Welwyn Garden City centenary: The future of garden cities
PUBLISHED: 16:07 29 April 2020 | UPDATED: 16:14 29 April 2020
As Welwyn Garden City turns 100 today, what lessons can we take from Garden City design, to ensure new garden towns planned along the ‘knowledge corridor’ are successful new places, not merely homes along motorways?
Martin Williams, director of WGC-based practice Saunders, discusses.
Welwyn Garden City, as its name suggests, is a garden city, founded by Sir Ebenezer Howard in the 1920s following his previous experiment in Letchworth Garden City, and designed by Louis de Soissons.
At the time, Howard had called for the creation of new towns of limited size, planned in advance, and surrounded by a permanent belt of agricultural land, as a role model for lower-density urban development.
He believed that such Garden Cities were the perfect blend of city and nature.
READ MORE: Happy 100th birthday Welwyn Garden City!
A fundamental part of this concept was also the principle of land ownership on behalf of the community so a Garden City is a blend of many factors.
As we celebrate 100 years since the creation of Welwyn Garden City, what lessons can we take from Garden City design, to ensure new garden towns planned along the ‘knowledge corridor’ are successful new places, not merely homes along motorways?
Post-Brexit we could see the Oxford, Milton Keynes to Cambridge corridor progress very quickly, and this knowledge corridor could well be the UK’s answer to Silicon Valley.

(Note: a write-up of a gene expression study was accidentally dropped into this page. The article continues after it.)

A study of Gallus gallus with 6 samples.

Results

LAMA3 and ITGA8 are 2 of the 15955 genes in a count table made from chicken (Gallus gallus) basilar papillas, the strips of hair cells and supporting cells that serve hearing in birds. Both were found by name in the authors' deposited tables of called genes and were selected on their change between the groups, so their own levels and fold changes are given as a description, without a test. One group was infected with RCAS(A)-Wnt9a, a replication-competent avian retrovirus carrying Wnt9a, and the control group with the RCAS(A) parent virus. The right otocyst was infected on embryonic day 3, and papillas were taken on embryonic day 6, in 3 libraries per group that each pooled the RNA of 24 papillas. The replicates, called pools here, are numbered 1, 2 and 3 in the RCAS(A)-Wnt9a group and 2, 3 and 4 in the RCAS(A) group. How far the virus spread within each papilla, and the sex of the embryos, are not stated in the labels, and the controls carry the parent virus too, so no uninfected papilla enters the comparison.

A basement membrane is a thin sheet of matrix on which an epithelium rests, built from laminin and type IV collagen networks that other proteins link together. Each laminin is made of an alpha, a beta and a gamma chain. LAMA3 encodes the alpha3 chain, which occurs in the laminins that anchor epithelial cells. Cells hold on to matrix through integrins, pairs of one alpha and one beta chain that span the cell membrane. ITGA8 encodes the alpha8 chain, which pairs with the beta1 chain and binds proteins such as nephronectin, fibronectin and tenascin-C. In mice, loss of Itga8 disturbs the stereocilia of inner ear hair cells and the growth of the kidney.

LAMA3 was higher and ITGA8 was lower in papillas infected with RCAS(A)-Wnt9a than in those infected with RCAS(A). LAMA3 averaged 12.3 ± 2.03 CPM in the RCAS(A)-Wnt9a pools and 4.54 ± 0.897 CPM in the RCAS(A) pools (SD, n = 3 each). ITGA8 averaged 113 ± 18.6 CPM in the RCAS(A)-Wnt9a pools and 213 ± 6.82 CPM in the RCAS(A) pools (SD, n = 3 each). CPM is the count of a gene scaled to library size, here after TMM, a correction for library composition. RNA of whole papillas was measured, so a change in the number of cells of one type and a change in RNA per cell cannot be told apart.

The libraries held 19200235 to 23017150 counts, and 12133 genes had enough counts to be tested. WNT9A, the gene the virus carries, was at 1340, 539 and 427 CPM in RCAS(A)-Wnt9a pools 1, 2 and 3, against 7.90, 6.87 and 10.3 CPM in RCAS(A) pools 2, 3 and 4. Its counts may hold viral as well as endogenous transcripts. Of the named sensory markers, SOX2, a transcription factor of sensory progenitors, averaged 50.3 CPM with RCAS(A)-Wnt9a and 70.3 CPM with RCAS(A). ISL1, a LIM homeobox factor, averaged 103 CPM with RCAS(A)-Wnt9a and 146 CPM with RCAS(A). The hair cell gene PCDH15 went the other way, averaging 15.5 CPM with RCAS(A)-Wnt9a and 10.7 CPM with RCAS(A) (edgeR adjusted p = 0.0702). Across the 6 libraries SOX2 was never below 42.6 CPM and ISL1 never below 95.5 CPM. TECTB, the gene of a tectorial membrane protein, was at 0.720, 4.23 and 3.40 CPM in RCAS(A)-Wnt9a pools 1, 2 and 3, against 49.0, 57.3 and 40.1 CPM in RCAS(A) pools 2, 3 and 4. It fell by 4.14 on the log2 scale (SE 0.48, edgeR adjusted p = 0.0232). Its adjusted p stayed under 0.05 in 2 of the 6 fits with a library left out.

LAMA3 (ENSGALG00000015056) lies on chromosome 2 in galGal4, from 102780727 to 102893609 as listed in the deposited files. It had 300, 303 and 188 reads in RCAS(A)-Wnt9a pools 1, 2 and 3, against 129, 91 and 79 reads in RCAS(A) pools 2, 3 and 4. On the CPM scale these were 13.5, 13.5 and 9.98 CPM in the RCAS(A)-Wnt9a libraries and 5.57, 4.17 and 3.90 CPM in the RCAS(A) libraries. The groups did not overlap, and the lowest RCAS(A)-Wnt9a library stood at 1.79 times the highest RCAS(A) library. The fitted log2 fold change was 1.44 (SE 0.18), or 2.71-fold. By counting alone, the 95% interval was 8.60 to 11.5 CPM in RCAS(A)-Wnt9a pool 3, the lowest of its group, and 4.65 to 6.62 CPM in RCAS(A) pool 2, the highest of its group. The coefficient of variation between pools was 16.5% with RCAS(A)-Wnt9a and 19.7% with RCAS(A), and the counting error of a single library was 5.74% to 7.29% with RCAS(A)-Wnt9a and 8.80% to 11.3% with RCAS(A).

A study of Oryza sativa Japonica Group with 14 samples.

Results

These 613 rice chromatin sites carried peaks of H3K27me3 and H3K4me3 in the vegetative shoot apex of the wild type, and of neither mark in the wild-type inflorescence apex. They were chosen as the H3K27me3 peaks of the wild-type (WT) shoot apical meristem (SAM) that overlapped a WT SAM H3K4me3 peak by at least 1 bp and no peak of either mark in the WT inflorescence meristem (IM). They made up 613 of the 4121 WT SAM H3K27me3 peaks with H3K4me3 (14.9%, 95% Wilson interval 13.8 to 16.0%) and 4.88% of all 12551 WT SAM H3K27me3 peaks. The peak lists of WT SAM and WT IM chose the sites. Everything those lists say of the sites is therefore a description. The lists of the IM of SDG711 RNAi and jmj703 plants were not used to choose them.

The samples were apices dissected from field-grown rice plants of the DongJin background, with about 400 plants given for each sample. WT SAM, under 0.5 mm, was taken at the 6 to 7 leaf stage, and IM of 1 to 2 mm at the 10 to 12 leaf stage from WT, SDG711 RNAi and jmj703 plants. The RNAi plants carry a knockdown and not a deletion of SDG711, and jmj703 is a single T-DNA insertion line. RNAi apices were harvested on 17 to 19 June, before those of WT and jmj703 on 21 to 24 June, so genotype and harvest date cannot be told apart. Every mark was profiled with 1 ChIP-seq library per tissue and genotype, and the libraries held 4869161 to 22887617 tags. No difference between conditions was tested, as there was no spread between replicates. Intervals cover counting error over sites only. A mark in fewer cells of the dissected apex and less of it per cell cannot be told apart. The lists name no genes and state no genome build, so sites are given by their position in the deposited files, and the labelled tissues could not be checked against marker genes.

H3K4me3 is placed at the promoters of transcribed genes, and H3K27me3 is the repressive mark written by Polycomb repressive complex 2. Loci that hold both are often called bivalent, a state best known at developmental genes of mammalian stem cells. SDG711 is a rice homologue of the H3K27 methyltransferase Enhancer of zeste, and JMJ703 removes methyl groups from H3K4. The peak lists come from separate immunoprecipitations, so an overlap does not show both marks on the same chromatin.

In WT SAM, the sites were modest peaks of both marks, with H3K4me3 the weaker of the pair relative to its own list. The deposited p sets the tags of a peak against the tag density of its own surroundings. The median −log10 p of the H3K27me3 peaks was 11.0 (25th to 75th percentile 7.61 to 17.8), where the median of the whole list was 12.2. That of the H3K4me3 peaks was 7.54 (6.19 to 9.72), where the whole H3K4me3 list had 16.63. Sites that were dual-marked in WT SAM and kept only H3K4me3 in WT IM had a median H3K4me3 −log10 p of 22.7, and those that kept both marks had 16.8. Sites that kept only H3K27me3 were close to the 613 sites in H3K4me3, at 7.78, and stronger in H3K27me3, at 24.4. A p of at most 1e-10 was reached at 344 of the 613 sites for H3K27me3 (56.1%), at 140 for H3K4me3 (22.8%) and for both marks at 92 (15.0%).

However, creating ‘new towns’ and vibrant neighbourhoods along it will need a steady steer, careful and thoughtful planning if they are to become sustainable, attractive and viable places in the long term.
The Welwyn Garden City master plan was designed as a zonal framework.
Workplace, retail, leisure and housing are separated, disparate which can create places that are unpopulated and lifeless at certain times of the day.
Retail centres and light industrial areas can become quiet during the evening leading to anti-social behaviour and crime due to lack of passers-by and natural surveillance.
Fast forward a 100 years, and the original concept of the Garden City is unlikely to be suitable for modern urban planning policy and thinking.
The new towns will require adaptable and flexible master-planning with an emphasis on getting people out of their vehicles, with robust housing, retail, leisure and workplace integrated and sustainability and renewable energy principles essential within the new towns.
Strong east-west transport links will be integral to help address challenges, but it must be properly aligned with sustainable public transport solutions and cycle routes as well as a comprehensive strategy for new homes and communities, not developed in isolation.
Garden Cities were never meant to be just about housing alone and had an emphasis on better living conditions, the principle of land ownership on behalf of the community, as well as ecology and nature.
Welwyn Garden City perhaps didn’t turn out to be the ‘utopian city’ it was meant to be in which people live harmoniously together, yet some of its design principles with an emphasis on creating facilities for the community were very successful and did have the right ingredients for inclusive liveable places.
The challenge lies in connecting people and communities with opportunities for work and leisure, a carefully thought out, adaptable master plan will be key to its success.